The antibody 7E11 binds to the intracellular epitope of PSMA and can reach this only when the cell membrane is damaged. In this case, the tumor on the right was irradiated; the left one was not. The irradiated tumor demonstrates higher 7E11 binding (here labeled with Cy5.5) in this maximum-intensity projection of an optical tomography dataset.
PSMA is a dimeric type II integral membrane glycoprotein, highly expressed on prostate cancer cells. It has been shown to be a predictor for prostate cancer progression and for prognosis of prostate cancer. For example, elevated PSMA levels are seen in aggressive forms of the disease, i.e., metastatic and higher-grade prostate cancers. High-level PSMA expression is correlated with early PSA recurrence in surgically treated prostate cancer. PSMA correlates with the aggressiveness of the disease, and thereby strongly support PSMA as an excellent target for prostate cancer characterization and subsequent therapy.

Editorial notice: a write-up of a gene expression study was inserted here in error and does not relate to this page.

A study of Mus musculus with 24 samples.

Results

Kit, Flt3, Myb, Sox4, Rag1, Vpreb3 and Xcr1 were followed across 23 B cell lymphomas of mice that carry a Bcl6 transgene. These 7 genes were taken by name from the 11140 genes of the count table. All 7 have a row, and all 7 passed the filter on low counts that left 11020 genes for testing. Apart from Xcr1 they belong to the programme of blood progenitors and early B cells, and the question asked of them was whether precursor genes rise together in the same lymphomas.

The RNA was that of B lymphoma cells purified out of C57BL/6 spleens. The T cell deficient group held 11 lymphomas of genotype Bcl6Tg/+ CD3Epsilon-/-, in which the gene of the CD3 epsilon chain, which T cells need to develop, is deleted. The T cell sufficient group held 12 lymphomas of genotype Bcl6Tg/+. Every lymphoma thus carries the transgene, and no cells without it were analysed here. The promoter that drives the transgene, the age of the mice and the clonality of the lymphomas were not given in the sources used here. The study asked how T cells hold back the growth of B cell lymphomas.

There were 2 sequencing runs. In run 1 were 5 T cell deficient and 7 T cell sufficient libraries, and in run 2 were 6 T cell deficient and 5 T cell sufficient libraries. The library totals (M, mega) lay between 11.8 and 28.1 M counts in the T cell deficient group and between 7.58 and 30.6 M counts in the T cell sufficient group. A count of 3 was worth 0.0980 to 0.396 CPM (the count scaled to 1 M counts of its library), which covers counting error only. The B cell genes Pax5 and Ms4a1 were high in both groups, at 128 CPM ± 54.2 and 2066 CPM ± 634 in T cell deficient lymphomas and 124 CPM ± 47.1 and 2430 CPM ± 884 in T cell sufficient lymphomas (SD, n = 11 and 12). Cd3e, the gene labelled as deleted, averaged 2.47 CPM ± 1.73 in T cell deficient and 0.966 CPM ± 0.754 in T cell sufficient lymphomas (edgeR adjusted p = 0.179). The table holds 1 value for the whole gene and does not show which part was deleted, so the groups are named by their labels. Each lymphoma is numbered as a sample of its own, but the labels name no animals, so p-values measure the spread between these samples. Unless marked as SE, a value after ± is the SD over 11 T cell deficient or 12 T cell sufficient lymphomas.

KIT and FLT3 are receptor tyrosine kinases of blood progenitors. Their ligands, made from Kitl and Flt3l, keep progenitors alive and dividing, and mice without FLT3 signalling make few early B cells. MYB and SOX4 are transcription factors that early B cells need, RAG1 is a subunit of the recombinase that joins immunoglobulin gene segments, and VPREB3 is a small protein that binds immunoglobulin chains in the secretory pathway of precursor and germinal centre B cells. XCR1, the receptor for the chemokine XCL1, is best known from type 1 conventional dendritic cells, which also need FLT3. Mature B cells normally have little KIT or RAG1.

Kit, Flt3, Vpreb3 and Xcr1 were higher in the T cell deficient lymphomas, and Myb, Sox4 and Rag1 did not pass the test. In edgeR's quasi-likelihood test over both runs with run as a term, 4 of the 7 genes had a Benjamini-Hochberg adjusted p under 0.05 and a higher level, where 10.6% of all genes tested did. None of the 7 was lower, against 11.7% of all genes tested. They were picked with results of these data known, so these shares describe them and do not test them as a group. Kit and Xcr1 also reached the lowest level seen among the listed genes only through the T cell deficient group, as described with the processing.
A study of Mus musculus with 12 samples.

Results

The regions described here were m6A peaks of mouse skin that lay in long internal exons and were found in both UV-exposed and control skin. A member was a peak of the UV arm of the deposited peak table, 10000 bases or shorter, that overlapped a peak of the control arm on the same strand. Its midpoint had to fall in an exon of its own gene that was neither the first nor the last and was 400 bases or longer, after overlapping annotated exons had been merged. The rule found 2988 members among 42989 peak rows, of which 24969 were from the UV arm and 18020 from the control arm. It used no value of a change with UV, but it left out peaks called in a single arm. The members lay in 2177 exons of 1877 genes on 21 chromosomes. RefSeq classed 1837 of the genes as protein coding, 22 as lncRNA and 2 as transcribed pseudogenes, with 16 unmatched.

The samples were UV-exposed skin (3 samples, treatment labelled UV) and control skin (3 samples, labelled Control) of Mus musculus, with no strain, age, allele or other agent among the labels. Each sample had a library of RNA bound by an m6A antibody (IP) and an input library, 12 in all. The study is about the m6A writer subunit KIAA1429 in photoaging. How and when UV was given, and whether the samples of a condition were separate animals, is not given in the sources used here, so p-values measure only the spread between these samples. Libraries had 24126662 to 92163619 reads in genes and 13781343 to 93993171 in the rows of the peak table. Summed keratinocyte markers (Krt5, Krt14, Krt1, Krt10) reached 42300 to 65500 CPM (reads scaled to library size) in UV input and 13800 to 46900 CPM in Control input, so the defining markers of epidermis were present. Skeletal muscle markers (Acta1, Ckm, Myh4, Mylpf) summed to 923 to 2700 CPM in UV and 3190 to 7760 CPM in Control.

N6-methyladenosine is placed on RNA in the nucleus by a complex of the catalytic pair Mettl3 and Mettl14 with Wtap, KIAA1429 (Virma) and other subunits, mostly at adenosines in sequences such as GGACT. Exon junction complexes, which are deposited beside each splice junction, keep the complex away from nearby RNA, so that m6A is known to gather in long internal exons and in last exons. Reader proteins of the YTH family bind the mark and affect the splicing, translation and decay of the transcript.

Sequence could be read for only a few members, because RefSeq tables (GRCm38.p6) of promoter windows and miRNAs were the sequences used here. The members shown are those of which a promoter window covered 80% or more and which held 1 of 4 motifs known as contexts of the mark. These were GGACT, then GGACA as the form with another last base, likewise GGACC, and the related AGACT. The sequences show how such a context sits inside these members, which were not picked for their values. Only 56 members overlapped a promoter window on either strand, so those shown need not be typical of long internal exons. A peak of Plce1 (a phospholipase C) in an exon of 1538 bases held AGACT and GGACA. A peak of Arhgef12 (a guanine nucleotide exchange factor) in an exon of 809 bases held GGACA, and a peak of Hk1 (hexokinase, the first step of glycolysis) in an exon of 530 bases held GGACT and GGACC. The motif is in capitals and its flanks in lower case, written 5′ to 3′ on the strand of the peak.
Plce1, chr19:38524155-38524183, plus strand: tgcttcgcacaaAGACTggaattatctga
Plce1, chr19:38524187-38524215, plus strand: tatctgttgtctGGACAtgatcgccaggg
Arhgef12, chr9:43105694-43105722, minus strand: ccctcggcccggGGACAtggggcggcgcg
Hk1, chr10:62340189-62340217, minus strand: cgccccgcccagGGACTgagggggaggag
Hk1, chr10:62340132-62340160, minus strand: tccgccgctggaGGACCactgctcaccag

Our lab is interested in using nanoparticles as nanocarriers for drugs to improve prostate cancer therapy and small molecular agents to quantify PSMA expression in vivo. Many of our agents, described in the other projects (nanoagents and activatable imaging agents), are geared toward PSMA. Beyond that, we have a particular interest in the biological and enzymatic function of PSMA as it pertains to tumor promotion and vascularization.
We are further exploring ways to better characterize sentinel lymph nodes in prostate as well as in other cancers (e.g., endometrial and breast). We recently developed positron lymphography, a concept that is being expanded currently in the lab.